The East Midlands is set to see the steepest increase in private sector rents of any English region over the next five years, and with house prices set to climb, home ownership is no real alternative.
That’s the warning from the National Housing Federation, which warns of a ‘dysfunctional housing market’ locking out an entire generation. With house building down to its lowest level since the 1920s the severe shortage of housing is only getting worse, with huge implications for house prices and private rents across the country.
According to Oxford Economics - who were independently commissioned to produce the forecasts - the average house price in England will rise by 21.3% over the next five years from £214,647 in 2011, to £260,304 in 2016. At 19.2% the predicted increase in the East Midlands would see prices rise from £153,200 in 2011 to £182,600 in 2016. Unsurprisingly, it’s expected that we will see a dip in levels of home ownership – down from close to 73% in 2010 to 70% in 2021.
Those languishing in the private rented sector in the East Midlands are really going to feel the pinch over the next five years, as this region is expected to see rents ramp up by 25% (the highest increase of any English region), fuelled by high demand and a shortage of properties. Oxford Economics predicted that would mean rents would increase on average in the East Midlands from £361 a month in 2011 to £451 a month in 2016, meaning tenants would be paying £1,080 more a year in total.
That comes as over 309,000 people are currently stuck on social housing waiting lists in the East Midlands, and only those in the most desperate of circumstances have a realistic chance of being allocated a home.
At the heart of the problem remains a chronic under-supply of new homes. In 2010/11 just 105,000 homes were built in England – the lowest level since the 1920s.
The National Housing Federation states that more government investment in affordable housing would stimulate a wider, faster economic recovery, helping to fix our broken housing markets.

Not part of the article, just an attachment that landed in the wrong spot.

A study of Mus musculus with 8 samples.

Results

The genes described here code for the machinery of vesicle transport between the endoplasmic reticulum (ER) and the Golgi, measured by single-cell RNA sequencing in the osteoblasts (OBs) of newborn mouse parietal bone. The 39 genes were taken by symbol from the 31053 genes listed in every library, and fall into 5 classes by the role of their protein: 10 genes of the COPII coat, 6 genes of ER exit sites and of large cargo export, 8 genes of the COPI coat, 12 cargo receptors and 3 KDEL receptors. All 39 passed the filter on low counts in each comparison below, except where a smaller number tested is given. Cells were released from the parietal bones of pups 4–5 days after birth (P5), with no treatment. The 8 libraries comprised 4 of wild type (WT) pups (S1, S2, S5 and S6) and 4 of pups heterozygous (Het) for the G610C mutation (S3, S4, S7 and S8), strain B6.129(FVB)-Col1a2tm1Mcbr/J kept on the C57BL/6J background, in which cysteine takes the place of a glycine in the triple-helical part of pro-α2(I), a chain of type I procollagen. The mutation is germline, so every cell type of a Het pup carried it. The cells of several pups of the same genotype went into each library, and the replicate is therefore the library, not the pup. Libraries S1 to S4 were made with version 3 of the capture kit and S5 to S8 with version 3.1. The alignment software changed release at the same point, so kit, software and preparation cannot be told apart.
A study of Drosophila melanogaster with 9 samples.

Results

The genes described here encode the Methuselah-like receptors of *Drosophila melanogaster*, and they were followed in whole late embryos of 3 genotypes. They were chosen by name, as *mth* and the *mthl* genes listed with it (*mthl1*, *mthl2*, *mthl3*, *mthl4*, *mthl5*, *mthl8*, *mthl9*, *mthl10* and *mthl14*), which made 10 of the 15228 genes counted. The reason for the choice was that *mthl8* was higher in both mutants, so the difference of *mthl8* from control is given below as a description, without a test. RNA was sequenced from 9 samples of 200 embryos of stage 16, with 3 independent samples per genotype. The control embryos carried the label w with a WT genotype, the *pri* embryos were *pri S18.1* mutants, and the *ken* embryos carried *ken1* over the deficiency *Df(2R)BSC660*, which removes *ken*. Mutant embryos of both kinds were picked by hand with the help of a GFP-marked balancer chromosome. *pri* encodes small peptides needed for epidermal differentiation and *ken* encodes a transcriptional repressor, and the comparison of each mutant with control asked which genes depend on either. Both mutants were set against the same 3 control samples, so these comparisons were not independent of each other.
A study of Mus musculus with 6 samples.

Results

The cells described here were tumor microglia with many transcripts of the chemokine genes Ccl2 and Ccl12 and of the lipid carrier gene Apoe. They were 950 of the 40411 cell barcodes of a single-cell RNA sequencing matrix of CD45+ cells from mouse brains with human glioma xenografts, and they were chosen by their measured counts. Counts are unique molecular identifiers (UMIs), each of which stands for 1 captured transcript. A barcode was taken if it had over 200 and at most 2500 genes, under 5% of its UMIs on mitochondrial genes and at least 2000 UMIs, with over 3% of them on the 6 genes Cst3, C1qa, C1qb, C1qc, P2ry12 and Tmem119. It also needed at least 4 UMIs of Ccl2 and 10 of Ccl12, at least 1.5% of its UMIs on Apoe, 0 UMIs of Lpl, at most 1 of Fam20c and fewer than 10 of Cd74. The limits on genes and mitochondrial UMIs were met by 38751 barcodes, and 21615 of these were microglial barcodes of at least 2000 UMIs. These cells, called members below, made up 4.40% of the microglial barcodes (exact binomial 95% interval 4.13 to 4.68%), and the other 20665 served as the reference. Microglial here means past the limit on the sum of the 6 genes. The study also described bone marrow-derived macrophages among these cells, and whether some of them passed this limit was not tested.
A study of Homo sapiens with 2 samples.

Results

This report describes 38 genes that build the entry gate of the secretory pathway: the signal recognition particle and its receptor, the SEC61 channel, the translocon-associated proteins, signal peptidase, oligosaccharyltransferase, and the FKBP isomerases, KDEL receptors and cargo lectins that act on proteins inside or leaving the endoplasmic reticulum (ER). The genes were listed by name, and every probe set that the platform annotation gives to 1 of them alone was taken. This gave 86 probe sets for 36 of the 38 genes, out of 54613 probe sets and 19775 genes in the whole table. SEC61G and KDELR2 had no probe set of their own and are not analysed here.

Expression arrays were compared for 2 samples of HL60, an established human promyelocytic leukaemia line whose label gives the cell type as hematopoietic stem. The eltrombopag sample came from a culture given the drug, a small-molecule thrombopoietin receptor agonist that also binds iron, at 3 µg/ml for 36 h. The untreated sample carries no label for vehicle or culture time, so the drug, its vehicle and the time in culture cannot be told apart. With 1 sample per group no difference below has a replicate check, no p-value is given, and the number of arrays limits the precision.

It is calling for suitable surplus public land to be made available for the building of affordable homes, for local authorities to regularly assess housing need and for ministers to make a renewed commitment to building the homes the country needs.
For housing associations to secure their financial futures, it is also vital that ministers scrap plans to remove tenants’ rights to have their housing benefit paid direct to their landlord, which could seriously hinder associations’ ability to borrow from the banks.
Jon Longden, The Federation’s East Midlands Manager, said: “The steady increase in house prices across the East Midlands is making home ownership more of a dream than a reality for thousands of households on lower, and even average incomes. With further rises over the next five years the situation’s going to get untenable, meaning home ownership will start to become the preserve of the wealthy.
“We’ve already got thousands of households stuck on housing waiting lists here and with the steepest rise in private sector rents of any English region coming our way, it’s pretty clear that we have a totally dysfunctional housing market in the East Midlands.
‘A chronic shortage of new homes is at the heart of the issue. The fact that house-building has dipped to its lowest level in 90 years means we’re facing a major crisis.
“Ministers need to make unused public land available to housing associations and local authorities must assess the level of housing need in their area. Housing has to be finally treated as a top political priority.”